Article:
BEIJING — Secretary of State Condoleezza Rice got a verbal assurance Tuesday from China to use its influence to help jump-start the stalled process of dismantling North Korea's nuclear programs. Yet it was unclear when or how the Chinese would follow through.

In broad discussions with Chinese officials, Rice also won an agreement from China to resume an on-again, off-again human rights dialogue with the United States and she pleased her Chinese hosts by restating firm U.S. opposition to a Taiwanese referendum on United Nations entry that has infuriated Beijing.

But North Korea dominated the talks and Rice urged China, which has considerable leverage with its Stalinist neighbor, along with others in the six-nation denuclearization effort, to "use all influence possible" with Pyongyang to meet its pledges to the group.

"I believe that all of the parties to the six-party talks have both an obligation and an interest to make certain that the obligations of the first phase are carried out," Rice told reporters at a news conference with Chinese Foreign Minister Yang Jiechi.

"We are the cusp of something very special here," she said, referring to the shutdown and continuing disablement of North Korea's main nuclear facility in Yongbyon. "Now it is time to move on because the denuclearization of the Korean peninsula is in everyone's interest."

"What I am expecting from China is what I am expecting from others: Use all influence possible with the North Koreans to convince them that it is time to move forward," Rice said.

Yang said China was "consistently committed to the six-party talks and the denuclearization of the Korean peninsula" and would continue to work on the matter. But he also made clear that Beijing had already pressed the North hard on the matter.

"The Chinese side hopes that the parties will treasure the results we have already produced, which have not come easily," he said.

Speaking later after extensive discussions with Chinese President Hu Jintao, Rice said she was pleased with the Chinese stance. "I think China shares our desire to get this moving forward at a more rapid pace and I know they are using their good offices to try to do so," she said.

Although progress has been made in disabling Yongbyon, the United States says North Korea has not yet produced a full declaration of its nuclear programs, including details on the transfer of technology and know-how that could be used to develop atomic weapons.

The declaration was due almost two months ago, and the North says it has already met the requirement but the Bush administration rejects the claim, which has slowed progress on the process aimed at restoring stability in North Asia and bringing a final end to the Korean War.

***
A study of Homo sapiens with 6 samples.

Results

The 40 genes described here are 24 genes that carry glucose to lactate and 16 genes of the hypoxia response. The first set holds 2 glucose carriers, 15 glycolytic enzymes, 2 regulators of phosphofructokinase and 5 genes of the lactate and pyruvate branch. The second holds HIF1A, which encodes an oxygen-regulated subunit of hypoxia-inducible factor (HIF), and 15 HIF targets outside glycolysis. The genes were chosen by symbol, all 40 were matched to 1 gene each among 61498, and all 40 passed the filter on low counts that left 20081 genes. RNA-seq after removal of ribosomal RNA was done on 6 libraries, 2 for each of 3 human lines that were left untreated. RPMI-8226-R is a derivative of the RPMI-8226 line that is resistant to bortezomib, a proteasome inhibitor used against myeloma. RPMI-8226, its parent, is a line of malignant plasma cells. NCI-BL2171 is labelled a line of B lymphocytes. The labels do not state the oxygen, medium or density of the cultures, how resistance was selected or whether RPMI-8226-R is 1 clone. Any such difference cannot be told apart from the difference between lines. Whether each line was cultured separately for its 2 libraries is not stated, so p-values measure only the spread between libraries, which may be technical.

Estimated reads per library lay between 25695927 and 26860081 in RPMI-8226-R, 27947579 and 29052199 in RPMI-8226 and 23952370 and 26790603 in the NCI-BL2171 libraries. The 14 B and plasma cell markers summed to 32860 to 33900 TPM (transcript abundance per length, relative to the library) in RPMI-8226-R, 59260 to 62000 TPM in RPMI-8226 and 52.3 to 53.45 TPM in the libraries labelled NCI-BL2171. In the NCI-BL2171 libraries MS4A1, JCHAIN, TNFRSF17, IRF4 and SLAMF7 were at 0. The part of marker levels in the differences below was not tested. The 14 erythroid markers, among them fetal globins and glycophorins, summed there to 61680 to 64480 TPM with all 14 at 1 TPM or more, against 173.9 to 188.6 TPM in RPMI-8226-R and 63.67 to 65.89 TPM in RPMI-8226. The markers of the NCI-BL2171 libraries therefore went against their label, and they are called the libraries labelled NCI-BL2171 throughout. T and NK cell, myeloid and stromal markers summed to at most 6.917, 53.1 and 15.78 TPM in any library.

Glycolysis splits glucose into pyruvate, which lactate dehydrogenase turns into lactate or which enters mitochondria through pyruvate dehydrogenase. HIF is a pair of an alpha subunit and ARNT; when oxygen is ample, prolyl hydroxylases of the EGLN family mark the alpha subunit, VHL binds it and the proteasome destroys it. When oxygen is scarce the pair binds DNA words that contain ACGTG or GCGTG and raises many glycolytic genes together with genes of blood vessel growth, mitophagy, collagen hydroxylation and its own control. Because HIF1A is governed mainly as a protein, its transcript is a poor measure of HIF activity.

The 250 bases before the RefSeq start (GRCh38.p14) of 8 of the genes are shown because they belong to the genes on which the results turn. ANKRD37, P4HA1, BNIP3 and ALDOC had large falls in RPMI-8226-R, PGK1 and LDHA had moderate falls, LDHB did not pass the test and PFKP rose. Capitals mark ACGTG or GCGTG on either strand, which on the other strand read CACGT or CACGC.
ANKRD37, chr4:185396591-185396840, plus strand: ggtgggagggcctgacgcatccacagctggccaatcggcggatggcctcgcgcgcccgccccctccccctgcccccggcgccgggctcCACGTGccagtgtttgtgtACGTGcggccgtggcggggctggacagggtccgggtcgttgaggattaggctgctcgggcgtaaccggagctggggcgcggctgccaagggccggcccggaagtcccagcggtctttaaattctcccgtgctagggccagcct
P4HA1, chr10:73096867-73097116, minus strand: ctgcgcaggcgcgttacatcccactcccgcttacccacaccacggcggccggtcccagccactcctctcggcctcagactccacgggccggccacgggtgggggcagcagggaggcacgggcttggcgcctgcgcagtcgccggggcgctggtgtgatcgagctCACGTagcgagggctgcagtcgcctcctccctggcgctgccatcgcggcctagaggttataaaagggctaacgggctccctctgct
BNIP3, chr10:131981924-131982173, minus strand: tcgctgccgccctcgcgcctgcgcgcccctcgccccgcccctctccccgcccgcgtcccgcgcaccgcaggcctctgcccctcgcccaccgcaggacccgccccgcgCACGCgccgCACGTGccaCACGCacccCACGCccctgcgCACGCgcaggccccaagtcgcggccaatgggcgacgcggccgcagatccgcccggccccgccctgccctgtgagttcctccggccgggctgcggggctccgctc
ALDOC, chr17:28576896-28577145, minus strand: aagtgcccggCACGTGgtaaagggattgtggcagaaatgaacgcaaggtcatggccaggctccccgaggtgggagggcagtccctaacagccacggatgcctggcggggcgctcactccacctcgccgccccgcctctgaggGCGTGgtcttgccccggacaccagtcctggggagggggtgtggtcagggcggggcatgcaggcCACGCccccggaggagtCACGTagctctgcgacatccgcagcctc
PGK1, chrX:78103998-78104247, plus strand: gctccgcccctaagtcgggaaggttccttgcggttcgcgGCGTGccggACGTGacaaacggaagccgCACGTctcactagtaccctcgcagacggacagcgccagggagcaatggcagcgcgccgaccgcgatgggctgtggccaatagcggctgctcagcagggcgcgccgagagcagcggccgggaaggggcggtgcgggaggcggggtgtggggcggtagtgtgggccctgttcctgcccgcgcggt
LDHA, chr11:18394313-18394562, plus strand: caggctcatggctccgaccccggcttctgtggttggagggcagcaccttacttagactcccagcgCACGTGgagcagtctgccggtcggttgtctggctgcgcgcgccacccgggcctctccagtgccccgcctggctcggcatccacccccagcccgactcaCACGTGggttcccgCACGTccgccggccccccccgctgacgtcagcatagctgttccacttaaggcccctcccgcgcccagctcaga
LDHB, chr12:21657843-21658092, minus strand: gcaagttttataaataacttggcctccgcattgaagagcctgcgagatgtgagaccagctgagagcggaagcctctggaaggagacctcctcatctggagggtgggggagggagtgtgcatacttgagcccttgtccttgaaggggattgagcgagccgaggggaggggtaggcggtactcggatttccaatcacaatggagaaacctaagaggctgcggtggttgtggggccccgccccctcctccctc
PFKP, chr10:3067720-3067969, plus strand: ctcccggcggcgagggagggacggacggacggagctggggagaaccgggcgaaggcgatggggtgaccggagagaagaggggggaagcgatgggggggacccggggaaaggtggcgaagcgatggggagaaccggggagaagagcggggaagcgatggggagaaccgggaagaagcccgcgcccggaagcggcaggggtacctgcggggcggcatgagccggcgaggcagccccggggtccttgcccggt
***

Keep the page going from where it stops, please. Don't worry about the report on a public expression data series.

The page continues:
Yang said China was eager to see the second phase of the denuclearization process — the complete dismantlement of Yongbyon, the production of the declaration and in return the provision of fuel oil to North Korea — completed quickly.

Rice is in China on the second leg of a three-nation tour of Asia that has already taken her to South Korea and ends in Japan on Thursday.

The trip coincided with an historic performance in North Korea by the New York Philharmonic Tuesday in an unprecedented cultural exchange that some have dubbed "violin diplomacy."

The concert was broadcast internationally but Rice, a classically trained pianist, did not see it. While she said "cultural exchanges are good thing" and that she would like to see North Koreans come to the United States, she played down the significance of the show.

"It's a long way from playing that concert to changing the nature of the politics of North Korea," she said.

In Beijing, Rice said she had also raised human rights issues, along with intellectual property protections, product safety, efforts to impose new sanctions on Iran over its nuclear program and the upcoming referendum in Taiwan — an island Beijing sees as a breakaway province.

Yang said China had agreed to resume the human rights dialogue with the United States that it had broken off in 2004 when the Bush administration unsuccessfully sponsored a resolution censuring China before the U.N. Human Rights Commission. He did not, however, give a date.

China bristles at criticism of its human rights record, which it regards as meddling in its internal affairs, and groups have accused the administration of playing down its lapses to win Beijing's help in dealing with North Korea, Iran and the war on terrorism.

Rice said she approached the matter with "respect" for the Chinese but stressed that civil liberties and religious freedoms are "very near and dear to American values."

On human rights, Rice said she had discussed three specific cases: the recent arrest of Hu Jia, among China's most prominent political dissidents, the continued jailing of Jude Shao, a China-born American businessman who is serving a 15-year tax evasion sentence, and Shi Tao, who is serving a 10-year prison sentence for sending information about a government crackdown to an overseas Web site.

On Iran, Rice said the United States was seeking Chinese support for new U.N. Security Council sanctions against Tehran over its nuclear programs. China and Russia, veto-wielding permanent members of the council, have been resisting the effort.